Fighting back against creditor harassment during and after bankruptcy

If you have outstanding debts, you may have already heard about the protections that you have against creditor harassment under the Fair Debt Collections Practices Act. These protections apply to all debtors regardless of whether or not they filed bankruptcy. However, what happens if you experience creditor harassment during or after your bankruptcy? Fortunately, you have significant protections if this occurs.

During bankruptcy

As soon as you file bankruptcy, the automatic stay immediately becomes effective. Once in effect, the stay prohibits your creditors from taking any action to collect a debt against you. This includes calling you, foreclosing on your house, repossessing collateral or filing a lawsuit against you in court.

In most instances, your creditors will obey the stay and stop trying to collect the debt against you. However, creditors sometimes intentionally or unintentionally violate the stay. If the violation consists of taking back collateral, such as a car repossession, you are entitled to request an order from the bankruptcy court for the return of the property.

Also, for all violations of the stay (not just ones involving collateral repossession), you can sue the creditor for damages, if the creditor knew or should have known that the stay was in effect at the time of the violation. Under the law, you are entitled to recover compensation for any actual losses you suffered. You may also recover the attorneys' fees you accrued for asserting your rights. In rare cases where the violation was very extreme, you may also recover punitive damages and compensation for emotional distress.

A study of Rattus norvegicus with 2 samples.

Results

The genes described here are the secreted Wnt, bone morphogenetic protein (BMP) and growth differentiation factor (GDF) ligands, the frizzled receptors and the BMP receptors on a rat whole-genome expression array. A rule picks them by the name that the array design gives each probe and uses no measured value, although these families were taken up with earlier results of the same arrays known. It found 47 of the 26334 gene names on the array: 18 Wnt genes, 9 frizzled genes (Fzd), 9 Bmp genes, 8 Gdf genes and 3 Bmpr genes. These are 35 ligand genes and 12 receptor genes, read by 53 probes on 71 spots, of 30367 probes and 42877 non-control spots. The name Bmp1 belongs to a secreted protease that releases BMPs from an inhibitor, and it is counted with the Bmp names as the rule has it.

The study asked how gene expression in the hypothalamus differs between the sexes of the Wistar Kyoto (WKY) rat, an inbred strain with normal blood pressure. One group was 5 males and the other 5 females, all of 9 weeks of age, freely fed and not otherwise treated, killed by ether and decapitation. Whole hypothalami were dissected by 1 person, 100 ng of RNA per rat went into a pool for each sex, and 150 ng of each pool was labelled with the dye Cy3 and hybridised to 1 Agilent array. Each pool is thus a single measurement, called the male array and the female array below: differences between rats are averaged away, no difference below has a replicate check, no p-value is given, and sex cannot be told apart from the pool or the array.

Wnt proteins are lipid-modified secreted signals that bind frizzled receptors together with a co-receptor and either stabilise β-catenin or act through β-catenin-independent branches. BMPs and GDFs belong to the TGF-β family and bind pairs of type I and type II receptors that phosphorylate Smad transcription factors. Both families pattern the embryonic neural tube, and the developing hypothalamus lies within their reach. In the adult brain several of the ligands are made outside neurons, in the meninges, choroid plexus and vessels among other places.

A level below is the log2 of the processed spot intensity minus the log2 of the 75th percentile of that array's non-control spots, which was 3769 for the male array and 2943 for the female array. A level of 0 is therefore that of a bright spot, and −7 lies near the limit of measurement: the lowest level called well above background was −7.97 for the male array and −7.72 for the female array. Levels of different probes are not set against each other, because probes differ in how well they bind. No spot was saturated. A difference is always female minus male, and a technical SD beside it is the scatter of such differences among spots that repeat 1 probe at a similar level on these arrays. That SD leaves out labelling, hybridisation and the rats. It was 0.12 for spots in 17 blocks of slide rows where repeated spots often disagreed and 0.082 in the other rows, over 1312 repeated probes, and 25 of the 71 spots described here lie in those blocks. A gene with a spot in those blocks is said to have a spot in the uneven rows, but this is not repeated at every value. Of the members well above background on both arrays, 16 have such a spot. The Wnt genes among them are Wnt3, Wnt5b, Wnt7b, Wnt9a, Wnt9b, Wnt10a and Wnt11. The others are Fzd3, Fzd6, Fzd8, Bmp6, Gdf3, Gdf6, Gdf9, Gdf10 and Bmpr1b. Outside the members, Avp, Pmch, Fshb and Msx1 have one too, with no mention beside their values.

Aside from the threat of having to pay compensation, creditors that violate the stay are also guilty of disobeying a court order. Accordingly, the creditor may face contempt of court proceedings. If found guilty, the creditor may be subject to fines and court costs.

After bankruptcy

Once you have completed bankruptcy, you have likely received a discharge of most of your pre-bankruptcy debts. This means that you are no longer under any obligation to repay them. However, some creditors may ignore the discharge order and attempt to get you to pay discharged debts by contacting you about them after your bankruptcy.

Fortunately, if this occurs, you are not powerless, as you have most of the same rights as you do for automatic stay violations. Specifically, you may sue the creditor to recover any actual losses you incurred plus attorneys' fees. Also, the creditor may face contempt of court proceedings and be forced to pay fines and court costs as a result.

Illegally harassed? Fight back

Fortunately most creditors respect the law and conform to its requirements. However, if you have the misfortunate to encounter the few who do not, it is generally in your best interest to consult with an experienced bankruptcy attorney. In many cases, doing so will cost you nothing, as your legal fees will be covered by the creditor. An attorney can work to hold the creditor accountable for its unlawful activity.